Trade disputes create uncertainty for manufacturers

Mid-year Economic Forecast

President Donald Trump addressed Harley’s actions during remarks at Foxconn’s groundbreaking in late June.

For Milwaukee-based Harley-Davidson Inc., the back and forth over new tariffs imposed by President Donald Trump and the response from the European Union and other countries has led to some unwanted attention, higher costs and long-term business decisions.

Harley estimated the EU’s decision to increase motorcycle tariffs from 6 to 31 percent would add $2,200 to the cost of each motorcycle it sells there. In the short-run, Harley will absorb those increased costs, believing it cannot be competitive by passing them along to dealers and customers. Harley also plans to move production of European motorcycles to facilities in Brazil, India and Thailand to avoid the tariffs.

Harley riders near the company’s headquarters in Milwaukee.

Announcing the foreign production plan drew the ire of Trump, who repeatedly attacked the company on Twitter, in interviews and during remarks at the recent Foxconn Technology Group groundbreaking in Mount Pleasant.

Most manufacturers will not face Trump’s wrath as they approach dealing with new tariffs, but that does not mean there is no impact from the escalating conflicts over trade.

“If there’s an opportunity to raise prices of any kind, people take advantage of the situation,” said Tim Sullivan, chief executive officer of Milwaukee-based specialty vehicle maker Rev Group Inc., which saw a $19 million increase in costs as Trump implemented new steel and aluminum tariffs.

Sullivan acknowledged the increase isn’t huge in the context of $1.8 billion in annual purchases.

“It’s not that bad, but it all came at once,” he said.

The increases did not all come from steel and aluminum products, either. The largest increase was on plywood.

“It’s false inflation driven by the scare and the turmoil,” Sullivan said.

When suppliers begin increasing prices, Sullivan said Rev Group tries to push back and threatens to find other vendors.

“There are alternatives,” he said. “It’s just a matter of doing the heavy lifting to go get them.”

In some cases the company has other pre-qualified suppliers to which it can turn, but in other cases it has to start fresh. Either way, spreading the supply chain over more vendors creates inefficiencies, while also taking focus away from other work.

“It stymies other positive efforts that you could be using to help grow your business,” Sullivan said.

The country’s steel mills and aluminum producers do stand to benefit from the new tariffs, but only a little more than 3 percent of Wisconsin’s manufacturing workforce is in primary metal manufacturing, with the majority in foundries. The state’s largest manufacturing subsectors include fabricated metal products, food and machinery.

“Having spent 30 years in business, I did not ever run across a tariff I enjoyed,” said Doug Fisher, director of the Marquette University Center for Supply Chain Management.

He said tariffs are either protecting an industry that’s not cost competitive or going after an industry another country is supporting, potentially leading to a back and forth escalation. Trump’s actions on trade may be more about addressing abuses of intellectual property protections by other countries, Fisher suggested.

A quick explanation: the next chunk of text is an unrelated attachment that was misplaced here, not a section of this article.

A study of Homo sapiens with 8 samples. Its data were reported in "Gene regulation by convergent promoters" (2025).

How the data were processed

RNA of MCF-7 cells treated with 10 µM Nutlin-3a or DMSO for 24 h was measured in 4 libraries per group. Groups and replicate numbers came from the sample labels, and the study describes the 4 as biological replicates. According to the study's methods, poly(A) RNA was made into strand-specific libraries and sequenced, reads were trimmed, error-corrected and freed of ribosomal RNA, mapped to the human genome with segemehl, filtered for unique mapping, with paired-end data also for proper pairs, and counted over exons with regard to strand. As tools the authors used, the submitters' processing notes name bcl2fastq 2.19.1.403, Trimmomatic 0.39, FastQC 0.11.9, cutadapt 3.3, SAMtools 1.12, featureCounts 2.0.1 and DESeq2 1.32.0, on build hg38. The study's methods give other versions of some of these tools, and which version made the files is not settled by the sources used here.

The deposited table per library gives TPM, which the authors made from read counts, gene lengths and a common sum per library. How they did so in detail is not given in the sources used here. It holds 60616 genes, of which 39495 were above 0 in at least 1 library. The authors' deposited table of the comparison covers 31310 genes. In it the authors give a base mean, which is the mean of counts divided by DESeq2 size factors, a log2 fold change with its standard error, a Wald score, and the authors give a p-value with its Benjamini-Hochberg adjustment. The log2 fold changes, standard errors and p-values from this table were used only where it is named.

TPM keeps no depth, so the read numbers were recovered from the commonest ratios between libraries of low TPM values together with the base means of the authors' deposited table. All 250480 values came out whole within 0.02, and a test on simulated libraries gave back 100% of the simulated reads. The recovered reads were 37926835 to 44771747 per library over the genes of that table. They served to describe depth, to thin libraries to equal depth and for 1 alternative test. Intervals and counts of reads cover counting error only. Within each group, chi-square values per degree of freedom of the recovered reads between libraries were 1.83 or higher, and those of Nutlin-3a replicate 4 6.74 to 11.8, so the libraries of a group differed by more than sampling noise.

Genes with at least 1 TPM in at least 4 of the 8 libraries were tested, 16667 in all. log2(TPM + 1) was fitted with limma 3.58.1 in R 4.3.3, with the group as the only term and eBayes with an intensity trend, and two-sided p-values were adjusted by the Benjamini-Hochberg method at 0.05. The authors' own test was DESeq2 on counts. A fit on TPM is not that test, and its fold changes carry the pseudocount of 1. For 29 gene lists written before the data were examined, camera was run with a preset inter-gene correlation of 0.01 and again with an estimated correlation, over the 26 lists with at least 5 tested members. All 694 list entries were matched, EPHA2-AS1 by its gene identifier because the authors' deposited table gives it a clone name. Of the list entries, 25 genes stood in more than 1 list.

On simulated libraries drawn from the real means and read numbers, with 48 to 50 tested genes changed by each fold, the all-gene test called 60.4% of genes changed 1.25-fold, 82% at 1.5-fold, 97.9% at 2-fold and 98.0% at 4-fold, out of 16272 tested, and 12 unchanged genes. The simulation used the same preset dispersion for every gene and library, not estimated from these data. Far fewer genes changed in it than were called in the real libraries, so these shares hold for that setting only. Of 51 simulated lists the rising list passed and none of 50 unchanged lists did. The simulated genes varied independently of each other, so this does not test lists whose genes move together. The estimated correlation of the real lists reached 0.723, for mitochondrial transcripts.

“I think that’s the real long game that Trump is playing,” he said. “We’re kind of the big dog and I think he’s using tariffs because he can’t get anyone’s attention otherwise.”

Whatever the end goal, the question for manufacturers is: How long will the trade disputes continue? Will things revert to more normal conditions after the mid-term elections or will the fight drag on for years?

President Donald Trump addressed Harley’s actions during remarks at Foxconn’s groundbreaking in late June.

“From a supply chain perspective, I hate uncertainty,” Fisher said. “Right now, it’s pretty messy.”

For businesses heavily dependent on imports for raw materials and components, there are a host of options, from finding new suppliers to redesigning products to absorbing increased costs. George Bureau, vice president of consulting services at Wisconsin Manufacturing Extension Partnership, said businesses should also look to improve their operations.

“As people have gotten busy, what we see is there’s a tendency at times for waste factors to increase,” he said. “If you’re running more than 5 percent waste or even 3 percent waste, how do you cut it in half?”

Bureau added businesses should also be proactive and transparent in preparing customers for potential price increases or shipment delays.

“People often will give you a little bit more latitude if you’ve communicated,” he said.

On the export side, Bureau noted not every country is leveling retaliatory tariffs in the same way, so businesses that are shipping into multiple markets have a better chance of weathering the storm.

“This comes back to classic diversification,” he said, adding exporting is just one way to sell internationally, and companies could explore licensing or producing in other countries.

While the trade disputes present challenges for manufacturers, Bureau said companies should focus on what they can change.

“There’s no sense fretting over stuff you can’t control,” he said.

He pointed to developing strategies for addressing workforce shortages as one area to focus instead. Fisher said businesses could also implement advanced manufacturing technology to offset increased costs.

“Maybe this is a catalyst, a little nudge, for some of these companies to step up,” Fisher said.